Bill Would Provide Long-term Care For Middle-class

Many Now Have To Sell Off Possessions To Get State Aid

March 17, 1991|By Adam Sachs | Adam Sachs,Staff writer

ANNAPOLIS — Mid-income senior citizens in need of long-term nursing care shouldn't have to impoverish themselves to qualify for public health benefits, Delegate Donald B. Elliott, R-Carroll, Howard, told a House committee.

Elliott's proposed alternative to the state's current MedicalAssistance Program for the elderly was hailed by the House Economic Matters Committee chairman as a "very worthy project" and by a lobbyist for seniors as a "very progressive idea."

The delegate's bill would establish a "Maryland long-term care-security program" that would furnish the same services as provided under the Medicaid nursing home program for enrollees who have purchased a state-approved insurance policy for long-term care.

Seniors would be eligible for the program once they have exhausted all benefits available under their private insurance policy and met any other requirements established by the state Department of Health and Mental Hygiene.

Once the insurance policy ran out -- probably after three years of nursing home care, Elliott said -- the state would pick up the cost of long-term care, at Medicaid rates. Medicaid is the federal program that provides medical assistance payments for the poor.

Currently, seniors must be below certain income and asset levels to qualify for Medicaid, which means they often must sell homes and other property, or "spend down."

Elliott said his proposal would pool private and public sector resources to "eliminate the frightening prospectof senior citizens' facing impoverishment," while saving the state money at the same time.

Nursing home care expenditures make up the bulk of payments disbursed through Maryland's Medical Assistance Program. A legislative analyst determined that the state could save moneythrough Elliott's program by eliminating up-front assistance payments for enrollees with insurance policies.

However, if the federal government did not participate once the enrollee became reliant on assistance, the state might have to establish a limit on how long an enrollee could be in the program, said the analyst. He estimated the state would break even on costs after an enrollee is in the program for about four or five years. Savings would depend on the average length of stay in a nursing home and the average cost per enrollee.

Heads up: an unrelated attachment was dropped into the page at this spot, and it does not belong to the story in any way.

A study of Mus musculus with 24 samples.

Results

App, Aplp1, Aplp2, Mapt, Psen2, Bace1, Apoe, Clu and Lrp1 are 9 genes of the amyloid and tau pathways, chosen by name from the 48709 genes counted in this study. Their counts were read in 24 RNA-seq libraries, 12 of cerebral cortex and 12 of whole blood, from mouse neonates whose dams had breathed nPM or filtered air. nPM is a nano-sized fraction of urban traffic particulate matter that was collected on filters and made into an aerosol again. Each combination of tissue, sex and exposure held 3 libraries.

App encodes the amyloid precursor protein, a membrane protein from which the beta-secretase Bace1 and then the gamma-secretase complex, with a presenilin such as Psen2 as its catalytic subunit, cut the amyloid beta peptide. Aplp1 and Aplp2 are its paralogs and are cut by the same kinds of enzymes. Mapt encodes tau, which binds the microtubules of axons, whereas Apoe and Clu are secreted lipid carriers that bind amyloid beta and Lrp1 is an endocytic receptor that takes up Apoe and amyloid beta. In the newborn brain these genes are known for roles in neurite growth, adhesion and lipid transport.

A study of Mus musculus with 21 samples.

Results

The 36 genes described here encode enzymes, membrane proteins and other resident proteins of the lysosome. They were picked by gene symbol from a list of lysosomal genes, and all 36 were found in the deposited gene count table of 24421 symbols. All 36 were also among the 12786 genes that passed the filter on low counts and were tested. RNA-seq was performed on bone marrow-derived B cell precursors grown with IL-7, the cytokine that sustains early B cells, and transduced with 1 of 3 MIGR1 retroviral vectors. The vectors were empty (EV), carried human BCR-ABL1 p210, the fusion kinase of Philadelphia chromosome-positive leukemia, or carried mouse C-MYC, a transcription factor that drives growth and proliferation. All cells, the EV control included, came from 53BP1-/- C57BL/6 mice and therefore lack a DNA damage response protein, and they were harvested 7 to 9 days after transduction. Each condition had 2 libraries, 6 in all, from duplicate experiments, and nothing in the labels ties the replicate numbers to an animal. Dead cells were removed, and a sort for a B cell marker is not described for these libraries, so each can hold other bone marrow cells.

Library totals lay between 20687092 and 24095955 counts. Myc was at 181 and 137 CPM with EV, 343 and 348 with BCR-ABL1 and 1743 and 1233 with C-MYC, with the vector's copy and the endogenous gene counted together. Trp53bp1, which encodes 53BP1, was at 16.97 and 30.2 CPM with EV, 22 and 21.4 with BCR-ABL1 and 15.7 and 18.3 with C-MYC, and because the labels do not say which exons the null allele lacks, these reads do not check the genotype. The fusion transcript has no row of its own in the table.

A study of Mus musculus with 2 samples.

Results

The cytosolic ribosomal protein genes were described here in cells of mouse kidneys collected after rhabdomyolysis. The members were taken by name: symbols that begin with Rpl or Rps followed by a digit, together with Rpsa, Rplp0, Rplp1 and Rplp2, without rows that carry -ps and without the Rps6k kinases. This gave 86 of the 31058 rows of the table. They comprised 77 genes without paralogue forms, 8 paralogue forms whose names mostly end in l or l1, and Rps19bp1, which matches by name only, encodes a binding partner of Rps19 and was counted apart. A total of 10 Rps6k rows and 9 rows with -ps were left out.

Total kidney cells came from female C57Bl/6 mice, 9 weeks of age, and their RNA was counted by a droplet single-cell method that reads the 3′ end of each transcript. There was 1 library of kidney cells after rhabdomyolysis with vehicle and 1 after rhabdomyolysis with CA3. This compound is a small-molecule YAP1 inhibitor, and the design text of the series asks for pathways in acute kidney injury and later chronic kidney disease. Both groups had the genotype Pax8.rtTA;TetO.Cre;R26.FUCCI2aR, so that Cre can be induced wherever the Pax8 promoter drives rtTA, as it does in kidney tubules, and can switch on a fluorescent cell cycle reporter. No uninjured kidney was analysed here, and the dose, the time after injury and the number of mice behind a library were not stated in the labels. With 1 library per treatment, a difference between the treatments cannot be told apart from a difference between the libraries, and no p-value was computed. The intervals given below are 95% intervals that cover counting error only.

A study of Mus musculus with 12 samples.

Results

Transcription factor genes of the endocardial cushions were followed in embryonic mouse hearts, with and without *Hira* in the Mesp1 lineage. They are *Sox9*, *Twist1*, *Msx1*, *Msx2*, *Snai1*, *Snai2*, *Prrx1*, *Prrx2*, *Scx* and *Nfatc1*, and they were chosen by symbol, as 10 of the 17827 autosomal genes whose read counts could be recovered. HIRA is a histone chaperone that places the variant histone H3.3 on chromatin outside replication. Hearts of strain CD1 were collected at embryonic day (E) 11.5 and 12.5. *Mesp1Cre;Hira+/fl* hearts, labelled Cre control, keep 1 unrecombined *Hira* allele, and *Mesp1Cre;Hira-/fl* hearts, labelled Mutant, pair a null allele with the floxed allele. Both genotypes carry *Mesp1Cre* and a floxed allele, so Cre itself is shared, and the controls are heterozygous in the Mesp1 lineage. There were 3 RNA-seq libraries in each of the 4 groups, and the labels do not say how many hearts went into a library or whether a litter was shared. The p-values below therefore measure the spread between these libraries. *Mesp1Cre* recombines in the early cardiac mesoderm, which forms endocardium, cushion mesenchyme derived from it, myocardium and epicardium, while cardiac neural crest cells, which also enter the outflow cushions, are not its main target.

The bill bars the health department from operating the program if it couldnot demonstrate to the legislature that total state expenditures would be less than without it.

Several states are pushing a similar bill in Congress that would waive the "spend down" requirements for those with certain insurance policies, requiring the federal and state governments to pick up the nursing home tabs once the benefits expire. It is not expected to pass soon.

Elliott noted that the AmericanAssociation for Retired Persons opposes the legislation, fearing a diminished government role.

"This is a very innovative program," Robin Shaivitz, a lobbyist for the Maryland Association of Non-Profit Homes for the Aging, told the committee Wednesday. "Maryland could be on the cutting edge of something very exciting for the nation.

"It's very devastating for seniors who not only have to go into nursing homes but have to spend down on everything to get in. It's built intothe bill that it can't be done if it doesn't save money, so it can'thurt to try it."

Elliott said his bill provides little more than a concept and a framework. A major obstacle to overcome is the high price of long-term care insurance, he acknowledged.

Elliott recommended that the program be launched as a pilot project, starting with alimited group of enrollees with whom the state could keep in close contact to analyze the program's effectiveness.

Several county advocates for seniors, while not familiar with the bill, said changes must be made to alleviate the high costs of health care for the elderly and the sacrifices they must make to receive it.

"We'd certainly be in favor of legislation that adds a safety net level for seniors," said Geoffrey Black, chairman of Carroll's Advocacy Group for the Elderly. "It sounds like a concept that would have possibilities as longas it doesn't take away services from anybody."

Sharon Baker, client services supervisor at the Carroll Department of Aging, said mostseniors don't purchase long-term health policies.

"For seniors togo out and buy that, it's very expensive," she said.

Baker said the cost depends on age and existing medical conditions, making it less expensive to buy such policies at middle age.

"Most bills introduced for health insurance and long-term care are just Band-Aids," shesaid. "I have to look at the federal level. We're one of two industrialized countries (South Africa is the other) which don't consider health care as a right."

Staff writer Anne Haddad contributed to this story.